EPA to test Treece residents for lead poisoning

Residents of Treece will be tested for lead poisoning next week, in response to concerns expressed to high-level federal officials who recently visited the contaminated southeast Kansas community.

In addition, the Environmental Protection Agency will install air monitors to check for airborne lead and other possible contaminants.

The lead testing, on Sept. 8 and 9, will be open to all residents and will be the first comprehensive program of its kind in Treece.

The air monitoring will be the first since 1993, said David Bryan, a spokesman for the EPA.

Tonya Kirk, a City Council member and mother of three, said she's pleased that the testing is beginning.

"I think it's a good deal," Kirk said.

Of her three sons, only the youngest, 4-year-old Colton, has been tested.

His lead level was eight micrograms per deciliter, about four times the national average for his age but less than the 10 that the Centers for Disease Control considers hazardous, Kirk said.

Kirk plans to get tested herself, along with her older boys, Brandon, 7, and Andrew, 15.

"Now I've just got to talk my husband into it," she said.

Children are generally considered the most susceptible to lead poisoning because they play in the dirt and put their hands in their mouths.

Lead has been linked to a variety of childhood health problems, including brain damage and developmental disabilities.

The lead testing will take place at Treece City Hall from 6 to 8 p.m. Sept. 8 and 10 a.m. to noon Sept. 9.

Bryan said it's unusual to offer lead testing for adults, but the EPA decided to open the Treece program to all because of the depth of public concern and the small number of residents.

Health officials from federal, state and county agencies will conduct the testing, he said.

A once-prosperous mining town, Treece has dwindled to about 100 people since the ore petered out in the early 1970s.

A century of mineral extraction left the community surrounded by hundreds of acres covered with mammoth piles of lead- and zinc-contaminated waste known as chat.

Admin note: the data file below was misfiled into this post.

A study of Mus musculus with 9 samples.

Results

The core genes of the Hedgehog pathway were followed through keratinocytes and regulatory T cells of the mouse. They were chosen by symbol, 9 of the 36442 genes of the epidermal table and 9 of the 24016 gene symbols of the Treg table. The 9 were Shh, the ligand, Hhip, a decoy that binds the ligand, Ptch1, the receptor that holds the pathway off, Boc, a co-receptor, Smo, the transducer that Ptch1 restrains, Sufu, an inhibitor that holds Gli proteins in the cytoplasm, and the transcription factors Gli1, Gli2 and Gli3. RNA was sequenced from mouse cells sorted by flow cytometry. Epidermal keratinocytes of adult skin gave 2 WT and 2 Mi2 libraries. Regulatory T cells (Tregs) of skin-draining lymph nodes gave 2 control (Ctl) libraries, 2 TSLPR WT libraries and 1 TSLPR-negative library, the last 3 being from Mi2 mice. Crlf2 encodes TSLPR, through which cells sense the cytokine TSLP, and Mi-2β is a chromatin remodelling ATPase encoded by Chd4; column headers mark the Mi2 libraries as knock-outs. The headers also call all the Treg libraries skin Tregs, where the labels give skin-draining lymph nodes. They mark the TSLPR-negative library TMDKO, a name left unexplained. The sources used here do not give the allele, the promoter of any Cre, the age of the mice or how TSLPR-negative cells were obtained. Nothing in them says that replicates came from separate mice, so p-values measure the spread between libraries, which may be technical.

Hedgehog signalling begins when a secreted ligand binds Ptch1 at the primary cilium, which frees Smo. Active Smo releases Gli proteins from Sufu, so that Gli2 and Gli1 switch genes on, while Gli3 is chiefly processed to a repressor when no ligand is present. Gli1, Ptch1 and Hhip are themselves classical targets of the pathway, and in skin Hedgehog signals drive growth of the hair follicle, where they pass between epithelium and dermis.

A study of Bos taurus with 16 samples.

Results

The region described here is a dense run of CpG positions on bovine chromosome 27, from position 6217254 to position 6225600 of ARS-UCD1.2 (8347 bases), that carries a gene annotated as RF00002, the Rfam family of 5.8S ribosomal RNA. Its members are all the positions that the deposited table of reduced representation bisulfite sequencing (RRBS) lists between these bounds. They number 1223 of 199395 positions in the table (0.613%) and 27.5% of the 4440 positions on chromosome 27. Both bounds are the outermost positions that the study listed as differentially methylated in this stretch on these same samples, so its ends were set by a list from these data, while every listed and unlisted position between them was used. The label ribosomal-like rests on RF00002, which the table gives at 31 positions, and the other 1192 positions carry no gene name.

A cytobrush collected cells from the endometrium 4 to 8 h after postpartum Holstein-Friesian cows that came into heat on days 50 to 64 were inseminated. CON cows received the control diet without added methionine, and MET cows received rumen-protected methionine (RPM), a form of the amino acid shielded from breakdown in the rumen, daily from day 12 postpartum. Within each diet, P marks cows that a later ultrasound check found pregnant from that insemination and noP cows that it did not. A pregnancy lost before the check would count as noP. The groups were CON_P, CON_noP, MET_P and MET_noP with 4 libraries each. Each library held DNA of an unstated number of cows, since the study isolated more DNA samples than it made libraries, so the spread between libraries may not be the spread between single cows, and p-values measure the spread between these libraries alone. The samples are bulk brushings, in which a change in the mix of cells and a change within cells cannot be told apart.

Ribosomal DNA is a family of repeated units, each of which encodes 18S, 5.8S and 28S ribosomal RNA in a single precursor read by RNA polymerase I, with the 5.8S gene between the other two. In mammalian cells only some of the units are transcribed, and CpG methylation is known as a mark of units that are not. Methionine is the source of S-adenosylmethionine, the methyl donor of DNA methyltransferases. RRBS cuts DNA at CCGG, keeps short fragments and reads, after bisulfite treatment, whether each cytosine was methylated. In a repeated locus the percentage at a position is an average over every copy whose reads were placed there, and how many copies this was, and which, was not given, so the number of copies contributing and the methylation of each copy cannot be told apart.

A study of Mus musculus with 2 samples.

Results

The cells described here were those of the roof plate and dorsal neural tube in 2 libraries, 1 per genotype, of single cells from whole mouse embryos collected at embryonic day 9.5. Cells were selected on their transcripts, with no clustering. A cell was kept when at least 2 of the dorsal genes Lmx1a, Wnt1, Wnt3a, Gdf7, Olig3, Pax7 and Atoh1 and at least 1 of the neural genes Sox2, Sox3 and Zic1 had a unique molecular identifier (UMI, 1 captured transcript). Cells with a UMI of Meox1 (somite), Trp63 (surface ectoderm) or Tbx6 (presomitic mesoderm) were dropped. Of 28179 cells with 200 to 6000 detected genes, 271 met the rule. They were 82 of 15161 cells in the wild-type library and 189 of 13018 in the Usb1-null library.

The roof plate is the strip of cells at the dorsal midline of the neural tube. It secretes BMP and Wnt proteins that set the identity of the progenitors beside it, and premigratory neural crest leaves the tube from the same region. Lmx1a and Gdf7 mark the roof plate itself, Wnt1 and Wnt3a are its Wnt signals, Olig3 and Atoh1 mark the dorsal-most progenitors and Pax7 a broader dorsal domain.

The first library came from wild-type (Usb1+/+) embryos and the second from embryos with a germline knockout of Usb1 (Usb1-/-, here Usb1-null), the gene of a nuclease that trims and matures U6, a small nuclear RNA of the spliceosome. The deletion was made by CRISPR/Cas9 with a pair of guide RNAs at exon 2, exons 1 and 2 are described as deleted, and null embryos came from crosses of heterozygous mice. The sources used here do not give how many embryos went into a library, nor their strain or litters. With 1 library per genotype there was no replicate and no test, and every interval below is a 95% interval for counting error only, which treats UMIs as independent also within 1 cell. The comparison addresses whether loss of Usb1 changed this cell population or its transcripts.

Miners tunneled beneath the city and the landscape is dotted with abandoned shafts, sinkholes and cave-ins that have filled with contaminated water.

Unable to sell their homes, residents have been calling for the federal government to buy them out so they can move away from the environmental hazards.

The adjacent, larger town of Picher, Okla., which faced similar environmental damage, has already been bought out and nearly emptied of people.

Treece residents say the loss of Picher's jobs, public services, shopping and recreation has rendered their town unsalvageable.

Sen. Pat Roberts, R-Kansas, had been pressing EPA Administrator Lisa Jackson to visit Treece. She sent three top aides to assess the situation Aug. 20.

The officials who toured the community and fielded questions from residents were Mathy Stanislaus, assistant administrator of the EPA's Office of Solid Waste and Emergency Response; Bob Sussman, senior policy counsel to Jackson; and William Rice, acting head of EPA's Region 7, based in Kansas City.

Roberts aide Sarah Little said the senator is pleased with the quick response to the residents' request for environmental testing.

Lack of data is one factor that has hampered efforts to get Treece the same treatment that Picher received.

"If you're going to say Treece is different, you have to say why," Little said.

The EPA has done some cleanup work in Treece, testing all the yards in the community and replacing topsoil in about 40 that showed high concentrations of lead. Officials have said that removed the main exposure pathway for residents.

The agency also has a 10-year plan under way to reclaim contaminated land and lay clay caps over the remaining chat piles.

But in the meeting with the EPA chiefs, residents said they were far from reassured and that the EPA cleanup efforts regularly kick up clouds of dust from the chat piles.

The air monitoring will begin this month and results will be posted on the EPA's Web site along with historic data from Treece and other Cherokee County sites, officials said.